Did you know that the Pipli artwork from Odisha was first made by a Muslim Darjee? Know the story
It was Eid on Sunday and we also celebrated Lord Jagannath’s Sunabesha with the Rath Yatra coming to a great conclusion. I remember June 2018 when Eid coincided with Raja.
The Bakul Foundation had been invited to organize a storytelling session and handicraft quiz during the inaugural event at the new Odisha Handicraft Museum in Kalabhoomi. When I thought about the stories to tell, I started wondering about the Islamic influence on Odishan craftsmanship. Surprisingly, nothing came to mind.
I knew that the first chief architect of the modern capital of Bhubaneswar, Julius Vaz, tried to retain the syncretic element in the architecture of the modern city. (Otto Koenigsburger designed the city, but Vaz designed the buildings). He had designed the Rabindra Mandap as a Buddhist stupa, the market building as the Jain caves and the two towers as temples, and the Assembly lattice as Islamic motifs. But other than that, I couldn’t think of anything.
When I started my research I came across a wonderful story about the origin of applied art in Pipli and that is the story I told that day.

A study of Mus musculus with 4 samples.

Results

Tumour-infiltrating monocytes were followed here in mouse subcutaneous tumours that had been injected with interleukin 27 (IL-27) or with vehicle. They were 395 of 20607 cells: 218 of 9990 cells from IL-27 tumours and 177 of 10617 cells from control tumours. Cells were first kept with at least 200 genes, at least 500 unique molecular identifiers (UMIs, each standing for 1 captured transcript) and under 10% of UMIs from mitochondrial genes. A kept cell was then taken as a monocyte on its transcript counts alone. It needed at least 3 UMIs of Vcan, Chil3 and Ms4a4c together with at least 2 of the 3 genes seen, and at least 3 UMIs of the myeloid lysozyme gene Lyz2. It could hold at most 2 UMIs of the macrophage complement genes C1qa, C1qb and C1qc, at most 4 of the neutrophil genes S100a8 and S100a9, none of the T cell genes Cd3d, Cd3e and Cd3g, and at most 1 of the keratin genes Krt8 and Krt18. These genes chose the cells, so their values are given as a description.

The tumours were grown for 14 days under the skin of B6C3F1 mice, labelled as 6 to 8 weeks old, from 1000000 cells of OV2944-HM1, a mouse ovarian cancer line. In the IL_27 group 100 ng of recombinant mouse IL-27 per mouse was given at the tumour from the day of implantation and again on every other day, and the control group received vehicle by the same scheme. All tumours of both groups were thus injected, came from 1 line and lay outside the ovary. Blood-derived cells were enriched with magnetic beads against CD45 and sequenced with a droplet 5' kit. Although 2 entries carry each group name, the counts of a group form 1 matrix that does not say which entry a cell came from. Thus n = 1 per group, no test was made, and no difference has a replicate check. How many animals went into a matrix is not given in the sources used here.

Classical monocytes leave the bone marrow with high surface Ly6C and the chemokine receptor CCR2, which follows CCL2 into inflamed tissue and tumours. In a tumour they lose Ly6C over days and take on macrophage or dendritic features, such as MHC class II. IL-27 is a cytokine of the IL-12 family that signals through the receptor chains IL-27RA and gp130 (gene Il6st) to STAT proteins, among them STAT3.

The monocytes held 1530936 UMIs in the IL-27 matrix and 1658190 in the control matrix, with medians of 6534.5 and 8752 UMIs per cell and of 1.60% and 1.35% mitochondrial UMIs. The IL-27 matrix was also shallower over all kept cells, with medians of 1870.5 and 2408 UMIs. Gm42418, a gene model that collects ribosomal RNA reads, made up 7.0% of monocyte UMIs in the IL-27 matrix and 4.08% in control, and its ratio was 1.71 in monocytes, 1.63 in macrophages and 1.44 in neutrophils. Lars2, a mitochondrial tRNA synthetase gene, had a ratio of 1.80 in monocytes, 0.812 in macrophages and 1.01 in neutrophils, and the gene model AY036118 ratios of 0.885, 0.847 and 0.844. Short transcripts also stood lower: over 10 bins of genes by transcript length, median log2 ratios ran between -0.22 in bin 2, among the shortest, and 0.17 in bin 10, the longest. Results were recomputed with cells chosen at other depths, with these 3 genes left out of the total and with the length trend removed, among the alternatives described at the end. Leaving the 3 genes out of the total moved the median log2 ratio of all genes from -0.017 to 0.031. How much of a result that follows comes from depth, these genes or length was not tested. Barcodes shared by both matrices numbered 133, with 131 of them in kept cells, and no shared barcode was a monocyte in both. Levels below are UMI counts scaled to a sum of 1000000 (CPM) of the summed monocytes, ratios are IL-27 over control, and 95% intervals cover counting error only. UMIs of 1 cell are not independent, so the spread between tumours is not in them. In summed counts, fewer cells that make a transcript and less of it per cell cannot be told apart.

According to the story, Muslim Badshah commissioned a Darjee from Pipli to make two decorative pillows. The pillows turned out to be so exquisitely beautiful that the Darjees thought they deserved Lord Jagannath more than the Badshahs. He fell asleep with these contradictory thoughts.
When the Darjee woke up the next morning, he was surprised to see one of the pillows missing. When the Badshah heard of this he suspected wrongdoing on the part of the Darjee and enraged he imprisoned the Darjee. However, Lord Jagannath then came to the Badshah in a vision and said that the Darjee was innocent and that he himself had removed the pillow. The Badshah then liberated the Darjee and since then Muslim and Hindu craftsmen have been making the famous Pipli applique work, which adorns the Rathas and is a popular souvenir for pilgrims coming to the Rath Yatra and Jagannath temple.
Interestingly, Pipli also seems to have gotten its name from the presence of four Pirs in the area, and the name “Pipli” developed as a corruption of Pirapalli. Historian Anil Dhir has also written about this theory. The other theory that Mr. Dhir mentions that Pipli got its name from the presence of Peepul trees seems like an obvious simplistic theory, especially when we don’t call them Peepul in Odia.